In private, some find the courage to speak about the abuse they suffered at the hands of Russian soldiers. © France 24

In Ukraine, the ravages the war has inflicted on the nation are obvious. However, other wounds are less so, and psychologists have been working hand in hand with prosecutors whose mission is to look into allegations of war crimes, particularly when it comes to conflict-related sexual violence. Over the course of their findings, they have found a population traumatised by occupation and war, and have been seeking to offer help and support to as many people as they can. Our reporters Luke Shrago and Mélina Huet accompanied these psychologists as they carried out their work.


The Russian army arrived in Zahal’tsi, a village in the Kyiv region, on March 20, 2022 and occupied the town for 10 days. The scars of war can be seen everywhere, from the bullet-riddled doors to the damaged buildings.  

In a health clinic that has been plunged into darkness, a number of women wait to undergo medical examinations. Representatives from a number of associations ask the women to tell their stories while they wait to see a medical professional.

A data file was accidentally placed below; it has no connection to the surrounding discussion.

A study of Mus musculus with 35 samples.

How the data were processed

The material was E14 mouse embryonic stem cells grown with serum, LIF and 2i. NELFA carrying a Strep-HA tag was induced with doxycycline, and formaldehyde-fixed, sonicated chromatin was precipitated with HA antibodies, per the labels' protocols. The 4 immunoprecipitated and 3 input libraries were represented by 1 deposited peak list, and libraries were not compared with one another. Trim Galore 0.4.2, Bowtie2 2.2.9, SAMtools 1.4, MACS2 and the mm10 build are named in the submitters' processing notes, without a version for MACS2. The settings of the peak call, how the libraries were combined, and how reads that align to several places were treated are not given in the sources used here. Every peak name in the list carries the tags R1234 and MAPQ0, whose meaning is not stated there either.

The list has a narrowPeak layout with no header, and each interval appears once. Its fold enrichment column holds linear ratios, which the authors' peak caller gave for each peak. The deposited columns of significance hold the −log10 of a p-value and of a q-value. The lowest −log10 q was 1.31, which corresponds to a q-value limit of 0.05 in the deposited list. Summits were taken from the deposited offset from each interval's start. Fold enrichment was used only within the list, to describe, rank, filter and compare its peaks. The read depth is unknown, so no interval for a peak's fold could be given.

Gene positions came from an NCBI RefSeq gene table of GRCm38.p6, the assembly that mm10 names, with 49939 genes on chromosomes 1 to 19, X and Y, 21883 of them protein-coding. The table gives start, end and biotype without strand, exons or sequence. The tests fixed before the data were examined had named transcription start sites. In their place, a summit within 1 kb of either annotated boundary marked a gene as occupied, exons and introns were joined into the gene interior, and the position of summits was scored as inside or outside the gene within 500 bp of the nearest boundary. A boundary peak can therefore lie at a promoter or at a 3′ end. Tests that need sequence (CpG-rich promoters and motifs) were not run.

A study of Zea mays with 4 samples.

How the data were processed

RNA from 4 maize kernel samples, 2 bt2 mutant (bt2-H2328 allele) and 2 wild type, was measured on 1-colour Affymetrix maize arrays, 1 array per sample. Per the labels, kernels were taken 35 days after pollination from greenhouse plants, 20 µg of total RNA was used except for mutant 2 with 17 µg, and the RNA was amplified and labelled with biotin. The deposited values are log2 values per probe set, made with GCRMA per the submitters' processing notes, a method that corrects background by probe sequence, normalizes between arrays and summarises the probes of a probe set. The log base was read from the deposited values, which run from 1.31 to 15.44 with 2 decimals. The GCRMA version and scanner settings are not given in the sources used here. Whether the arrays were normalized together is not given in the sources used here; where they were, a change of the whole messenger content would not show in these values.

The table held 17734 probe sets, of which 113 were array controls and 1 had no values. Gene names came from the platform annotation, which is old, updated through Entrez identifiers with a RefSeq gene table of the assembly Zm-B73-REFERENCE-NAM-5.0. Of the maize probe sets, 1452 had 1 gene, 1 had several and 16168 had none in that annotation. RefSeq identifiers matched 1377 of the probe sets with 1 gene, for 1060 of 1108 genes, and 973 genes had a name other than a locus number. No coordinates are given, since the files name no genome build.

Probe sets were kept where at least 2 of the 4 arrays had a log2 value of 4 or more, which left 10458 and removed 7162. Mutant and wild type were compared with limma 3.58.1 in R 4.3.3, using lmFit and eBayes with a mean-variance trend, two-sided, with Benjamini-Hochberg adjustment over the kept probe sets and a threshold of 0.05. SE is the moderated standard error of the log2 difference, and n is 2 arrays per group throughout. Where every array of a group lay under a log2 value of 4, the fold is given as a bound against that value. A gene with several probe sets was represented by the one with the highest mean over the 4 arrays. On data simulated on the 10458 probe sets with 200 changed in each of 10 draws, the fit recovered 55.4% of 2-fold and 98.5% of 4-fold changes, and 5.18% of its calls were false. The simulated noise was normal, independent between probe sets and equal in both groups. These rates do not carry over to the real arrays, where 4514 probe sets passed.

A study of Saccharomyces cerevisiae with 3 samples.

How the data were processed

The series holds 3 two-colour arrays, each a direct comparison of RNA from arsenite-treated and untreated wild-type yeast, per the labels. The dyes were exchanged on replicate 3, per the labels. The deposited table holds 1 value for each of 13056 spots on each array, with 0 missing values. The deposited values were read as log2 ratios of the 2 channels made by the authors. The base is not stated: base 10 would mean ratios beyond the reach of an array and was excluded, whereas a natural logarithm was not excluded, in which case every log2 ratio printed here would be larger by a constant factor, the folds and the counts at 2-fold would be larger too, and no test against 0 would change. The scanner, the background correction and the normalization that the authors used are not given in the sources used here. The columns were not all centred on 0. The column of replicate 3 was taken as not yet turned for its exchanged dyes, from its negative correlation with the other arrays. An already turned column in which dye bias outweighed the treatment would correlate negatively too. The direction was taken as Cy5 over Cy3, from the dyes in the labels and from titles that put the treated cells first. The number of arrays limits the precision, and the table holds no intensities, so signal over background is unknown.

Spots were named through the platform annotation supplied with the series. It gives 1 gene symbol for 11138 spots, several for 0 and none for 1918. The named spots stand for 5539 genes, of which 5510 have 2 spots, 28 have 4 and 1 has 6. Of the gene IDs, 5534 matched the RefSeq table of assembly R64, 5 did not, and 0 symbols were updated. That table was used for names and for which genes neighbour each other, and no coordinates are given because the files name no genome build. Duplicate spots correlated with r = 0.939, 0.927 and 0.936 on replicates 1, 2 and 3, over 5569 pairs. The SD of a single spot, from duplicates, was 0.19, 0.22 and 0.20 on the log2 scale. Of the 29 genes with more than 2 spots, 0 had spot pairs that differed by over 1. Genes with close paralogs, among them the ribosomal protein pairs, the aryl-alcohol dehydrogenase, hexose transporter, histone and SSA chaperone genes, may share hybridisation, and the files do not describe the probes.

Babushka Olena opens up about the traumatic events that keep her up at night. At first embarrassed and worried, she is encouraged by the kind words of Iryna Galkovska, a psychologist from the Assisto project run by the Andreev Family Foundation. She ends up sharing the the horrible experience that her relatives went through at the hands of Russian soldiers. 

Someone to confide in 

During these interviews, Iryna also tries to identify women who have been sexually abused – or, at the very least, to spread the word that help is available. “Those who committed the crimes should feel the guilt, not the women who were victims,” says Irina. 

Vasyl, head of the regional social and psychological support centre in Kyiv, visits people directly to investigate acts of sexual violence and raise awareness. He says that 95% of the calls he receives are from Ukrainians who simply want someone to confide in.   

Under the auspices of the international organisation Women for Women, Vasyl and Iryna are currently helping 33 out of the 1,500 women they have provided to support to since August. The trauma associated with months of occupation and a year of full-scale warfare is also a major issue for Ukrainian society. 

Click on the video above to watch the full report.